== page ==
Finnish PM pushes to avoid Spain bailout
Finnish Prime Minister Jyrki Katainen Tuesday backed Spain in its "unfair" financial crisis and encouraged it to avoid seeking a full sovereign bailout.
Katainen, who was a tough player in July negotiations for a eurozone rescue loan to Spain’s banks, showed a united front with Prime Minister Mariano Rajoy, amid high expectations that Madrid will ask Europe for a full financial rescue.
“The important thing now is to seek ways of avoiding new bailout packages,” Katainen told a news conference alongside Rajoy after talks.
“What’s essential is that a country commits to put its own economy in order. Everything else is just assistance,” he added.
“We are concentrating on seeking solutions.”
Earlier Katainen told a Madrid economic forum that there were still “lots of opportunities” for Spain to avoid being bailed out like Greece, Portugal and Ireland.
Rajoy said on Monday that he would not be rushed into a deal or surrender key powers over the budget.
Scrambling to rein in Spain’s borrowing costs, he has announced tens of billions of euros in savings measures including pay cuts and tax rises that have sparked mass street demonstrations.
Katainen, a strong defender of fiscal discipline, said he would not dictate to Rajoy what areas to make cuts in.
“I fully agree that the situation is unfair. Spain would deserve lower interest rates after having done that many austerity measures and especially structural reforms which will strengthen competitiveness,” Katainen said.
“I believe very strongly that after the measures the government has already done here in the Spain and that the government has promised to do in the next few years the Spanish economy will be very competitive,” he added.
“It just takes some time.”
He urged tighter European Union integration and bloc-wide banking supervision.
“We have to devise a way of stabilising the panicking sentiment in the financial market in order to give more time to countries themselves but also in order to give more time to financial markets, lenders, to assess what each individual country has already done,” he said.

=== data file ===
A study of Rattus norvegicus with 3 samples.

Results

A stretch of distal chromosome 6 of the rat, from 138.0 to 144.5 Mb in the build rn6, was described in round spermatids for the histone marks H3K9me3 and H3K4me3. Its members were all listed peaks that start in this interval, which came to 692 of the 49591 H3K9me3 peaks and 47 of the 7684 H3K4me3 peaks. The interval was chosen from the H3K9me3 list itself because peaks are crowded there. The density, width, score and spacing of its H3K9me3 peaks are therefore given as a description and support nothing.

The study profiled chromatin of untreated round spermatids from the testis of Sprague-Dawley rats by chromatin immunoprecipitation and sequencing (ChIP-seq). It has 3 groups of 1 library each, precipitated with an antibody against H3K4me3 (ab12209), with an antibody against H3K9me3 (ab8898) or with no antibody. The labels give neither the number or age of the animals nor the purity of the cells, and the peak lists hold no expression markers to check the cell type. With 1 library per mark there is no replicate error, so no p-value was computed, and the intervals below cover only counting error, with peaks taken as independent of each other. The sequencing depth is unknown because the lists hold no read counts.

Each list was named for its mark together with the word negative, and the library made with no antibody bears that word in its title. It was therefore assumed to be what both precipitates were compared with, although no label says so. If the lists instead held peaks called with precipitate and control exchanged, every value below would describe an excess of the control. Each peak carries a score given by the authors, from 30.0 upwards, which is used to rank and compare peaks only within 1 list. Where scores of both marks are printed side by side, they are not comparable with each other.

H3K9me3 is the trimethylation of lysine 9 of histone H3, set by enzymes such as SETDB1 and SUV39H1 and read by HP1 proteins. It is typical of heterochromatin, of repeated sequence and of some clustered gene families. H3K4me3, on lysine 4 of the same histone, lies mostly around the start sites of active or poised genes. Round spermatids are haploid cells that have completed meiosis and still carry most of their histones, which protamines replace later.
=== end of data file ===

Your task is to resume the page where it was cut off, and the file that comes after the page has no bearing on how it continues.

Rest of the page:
“It is not fair that whatever the countries are doing, nothing seems to be enough.”
On Monday in his first television interview since taking power in December, Rajoy said he would not accept any bailout that dictated spending cuts or touches old-age pensions.
Despite a deepening recession, a jobless rate of nearly 25 percent, steep borrowing costs and huge debt repayments due this year, he said he would refuse to touch pensions or make further increases in value added tax.
The European Central Bank said last week it would buy government bonds to lower distressed states’ borrowing costs but only in return for strict conditions set by eurozone bailout funds.
The ECB announcement slashed Spanish borrowing costs, which had at times risen to dangerous levels over recent months.
His comments Monday left open the possibility of Spain trying to delay or avoid a bailout.
Rajoy said he was still reflecting and had not decided whether Spain would formally request such bond purchases or a bailout.
The announcement by Europe’s central lender was “a big step forward by the ECB to buy bonds in the secondary market if countries consider it appropriate,” he added, speaking alongside Katainen on Tuesday.
“We will do everything necessary at a European and national level to resolve the euro crisis for good.”